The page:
My cousin said today we were to go cave-exploring. Sounded exciting! She said it was going to be a bit of a drive though, but neither of us minded. We piled into the car around late afternoon and set out for JungliMaharaj Road, Pune, on our visit to the Pataleshwar caves.
These caves are situated just across the river on the JungliMaharaj Road. It’s most striking feature is the fact that the entire cave has been carved out of one gigantic rock.
The first word that jumps to mind when I try to describe it is peaceful. It’s a very quiet sanctorum, and the best part about our visit there being that all the other patrons seemed to mutually understand the need to not disturb the silence.
The temple is made of basalt, and is dedicated to the Lord Shiva. Historically, this cave temple is rock-cut and was carved out in the 8th century. Not only is it limited to Shiva, but we found other statues of the Gods Ram, Lakshman and Sita as well. The temple had grand pillars that seem to grab the eye often. Though the architecture is splendid and it is impressive what has been done with one monolith, the architecture of the temple still appears incomplete. The outer circle enclosure of the temple is not as ornately decorated as the shrine itself.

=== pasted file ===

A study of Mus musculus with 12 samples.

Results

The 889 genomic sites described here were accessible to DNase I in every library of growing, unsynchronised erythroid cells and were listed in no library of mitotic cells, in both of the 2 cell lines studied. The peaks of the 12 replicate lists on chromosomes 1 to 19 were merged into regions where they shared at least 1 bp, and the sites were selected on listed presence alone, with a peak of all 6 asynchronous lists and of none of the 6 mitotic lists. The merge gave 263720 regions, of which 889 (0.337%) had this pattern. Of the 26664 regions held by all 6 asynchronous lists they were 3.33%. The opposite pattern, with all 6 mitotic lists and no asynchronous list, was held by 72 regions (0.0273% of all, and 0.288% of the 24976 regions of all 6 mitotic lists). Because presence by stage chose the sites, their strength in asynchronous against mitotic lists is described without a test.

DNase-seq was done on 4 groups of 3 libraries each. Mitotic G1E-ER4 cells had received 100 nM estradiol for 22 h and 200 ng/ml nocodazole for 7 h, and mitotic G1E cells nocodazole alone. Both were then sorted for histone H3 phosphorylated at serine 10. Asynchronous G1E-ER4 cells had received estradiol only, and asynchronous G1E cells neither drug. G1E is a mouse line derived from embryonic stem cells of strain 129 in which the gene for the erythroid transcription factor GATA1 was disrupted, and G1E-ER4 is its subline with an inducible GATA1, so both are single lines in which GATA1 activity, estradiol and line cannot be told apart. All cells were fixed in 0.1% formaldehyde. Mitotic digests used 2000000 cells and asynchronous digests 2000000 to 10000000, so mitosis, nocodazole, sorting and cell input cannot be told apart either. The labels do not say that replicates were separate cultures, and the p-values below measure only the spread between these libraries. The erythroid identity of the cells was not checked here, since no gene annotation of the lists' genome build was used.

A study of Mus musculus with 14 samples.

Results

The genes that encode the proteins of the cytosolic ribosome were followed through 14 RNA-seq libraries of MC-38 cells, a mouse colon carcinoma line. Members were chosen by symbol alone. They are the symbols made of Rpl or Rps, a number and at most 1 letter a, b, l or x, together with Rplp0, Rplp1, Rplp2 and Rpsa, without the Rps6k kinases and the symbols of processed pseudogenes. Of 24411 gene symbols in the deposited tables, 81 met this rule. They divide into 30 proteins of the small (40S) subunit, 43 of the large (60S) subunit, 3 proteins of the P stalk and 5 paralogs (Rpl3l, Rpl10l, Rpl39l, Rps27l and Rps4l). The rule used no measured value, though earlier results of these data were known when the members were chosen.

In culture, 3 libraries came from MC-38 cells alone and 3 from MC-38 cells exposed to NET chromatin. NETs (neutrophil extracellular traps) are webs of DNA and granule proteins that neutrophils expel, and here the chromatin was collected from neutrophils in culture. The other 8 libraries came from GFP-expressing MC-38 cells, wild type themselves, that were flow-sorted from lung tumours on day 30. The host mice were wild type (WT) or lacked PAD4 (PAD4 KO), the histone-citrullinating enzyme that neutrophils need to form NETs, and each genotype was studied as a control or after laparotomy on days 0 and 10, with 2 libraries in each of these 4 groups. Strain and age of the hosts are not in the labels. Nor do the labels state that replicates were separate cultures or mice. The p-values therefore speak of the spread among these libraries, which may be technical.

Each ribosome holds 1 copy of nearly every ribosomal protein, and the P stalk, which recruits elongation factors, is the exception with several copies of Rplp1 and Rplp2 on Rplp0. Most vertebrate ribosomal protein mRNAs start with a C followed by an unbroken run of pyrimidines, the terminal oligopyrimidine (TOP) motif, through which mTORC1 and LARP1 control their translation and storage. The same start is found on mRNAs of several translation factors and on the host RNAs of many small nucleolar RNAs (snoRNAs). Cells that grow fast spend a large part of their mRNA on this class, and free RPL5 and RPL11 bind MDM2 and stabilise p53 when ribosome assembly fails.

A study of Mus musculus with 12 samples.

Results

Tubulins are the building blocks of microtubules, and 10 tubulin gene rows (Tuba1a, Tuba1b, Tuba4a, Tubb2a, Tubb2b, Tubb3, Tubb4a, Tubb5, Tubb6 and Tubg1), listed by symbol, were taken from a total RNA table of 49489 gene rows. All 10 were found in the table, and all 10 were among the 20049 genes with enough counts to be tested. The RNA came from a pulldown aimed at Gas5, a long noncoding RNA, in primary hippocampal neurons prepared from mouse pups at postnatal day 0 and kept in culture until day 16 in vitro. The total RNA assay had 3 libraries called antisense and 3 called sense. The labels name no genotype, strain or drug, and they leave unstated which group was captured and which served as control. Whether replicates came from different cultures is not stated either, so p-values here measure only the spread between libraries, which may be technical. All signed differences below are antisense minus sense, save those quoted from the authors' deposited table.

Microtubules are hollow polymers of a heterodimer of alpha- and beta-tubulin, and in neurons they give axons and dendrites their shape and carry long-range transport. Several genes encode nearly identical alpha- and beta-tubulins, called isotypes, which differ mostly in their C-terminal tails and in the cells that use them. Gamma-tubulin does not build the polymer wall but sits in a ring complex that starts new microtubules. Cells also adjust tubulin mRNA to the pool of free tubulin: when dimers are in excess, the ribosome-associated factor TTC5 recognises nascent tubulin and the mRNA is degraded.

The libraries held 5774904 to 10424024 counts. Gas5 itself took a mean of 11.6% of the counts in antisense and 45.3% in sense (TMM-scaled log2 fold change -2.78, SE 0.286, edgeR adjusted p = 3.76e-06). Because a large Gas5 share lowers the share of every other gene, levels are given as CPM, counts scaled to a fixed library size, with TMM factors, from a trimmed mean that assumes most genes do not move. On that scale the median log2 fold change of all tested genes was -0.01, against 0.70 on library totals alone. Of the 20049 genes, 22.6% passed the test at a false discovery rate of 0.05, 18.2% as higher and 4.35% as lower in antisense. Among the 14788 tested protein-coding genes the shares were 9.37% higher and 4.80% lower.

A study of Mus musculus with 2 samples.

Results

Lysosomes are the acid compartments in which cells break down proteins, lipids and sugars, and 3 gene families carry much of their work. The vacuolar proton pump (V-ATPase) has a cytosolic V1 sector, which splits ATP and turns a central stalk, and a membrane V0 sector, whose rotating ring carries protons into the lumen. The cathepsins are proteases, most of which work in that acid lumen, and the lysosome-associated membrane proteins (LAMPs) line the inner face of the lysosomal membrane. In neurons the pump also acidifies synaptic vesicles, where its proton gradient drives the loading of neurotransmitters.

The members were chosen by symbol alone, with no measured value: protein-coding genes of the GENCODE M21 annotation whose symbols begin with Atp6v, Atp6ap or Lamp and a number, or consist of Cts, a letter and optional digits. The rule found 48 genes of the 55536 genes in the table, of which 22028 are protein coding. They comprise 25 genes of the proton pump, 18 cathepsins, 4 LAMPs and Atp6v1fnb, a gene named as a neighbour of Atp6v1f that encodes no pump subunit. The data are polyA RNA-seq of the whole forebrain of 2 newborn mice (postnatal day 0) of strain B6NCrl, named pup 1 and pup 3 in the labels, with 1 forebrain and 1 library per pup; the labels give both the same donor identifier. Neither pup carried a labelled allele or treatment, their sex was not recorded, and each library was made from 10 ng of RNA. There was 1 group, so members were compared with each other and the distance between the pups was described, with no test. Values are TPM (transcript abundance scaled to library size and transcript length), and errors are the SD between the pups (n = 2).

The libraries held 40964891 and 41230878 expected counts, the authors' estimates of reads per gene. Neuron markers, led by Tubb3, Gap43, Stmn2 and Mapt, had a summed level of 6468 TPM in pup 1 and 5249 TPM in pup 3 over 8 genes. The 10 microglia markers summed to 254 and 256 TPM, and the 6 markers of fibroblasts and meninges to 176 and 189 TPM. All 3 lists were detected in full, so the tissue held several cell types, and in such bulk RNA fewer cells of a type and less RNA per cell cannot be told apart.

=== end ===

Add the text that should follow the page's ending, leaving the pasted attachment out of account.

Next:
It was originally situated outside the boundaries of what is now Pune, but the city limits have expanded enough to incorporate the temples as part of Pune itself. Currently, it has been declared a protected monument by the Pune government.
The sanctum is a small cubic room housing the widely accepted form of the Lord Shiva, the Linga. In front of the cave in a circular enclosure with an umbrella shaped roof is the Nandi.
The temple has a nicely spaced out seating arrangement, as well as smaller rooms for visitors to lounge in. As I looked about me, I saw that there were a lot of students to be found buried deep in their books. It appears that the silence of the caves is conducive to studying! Imagine that!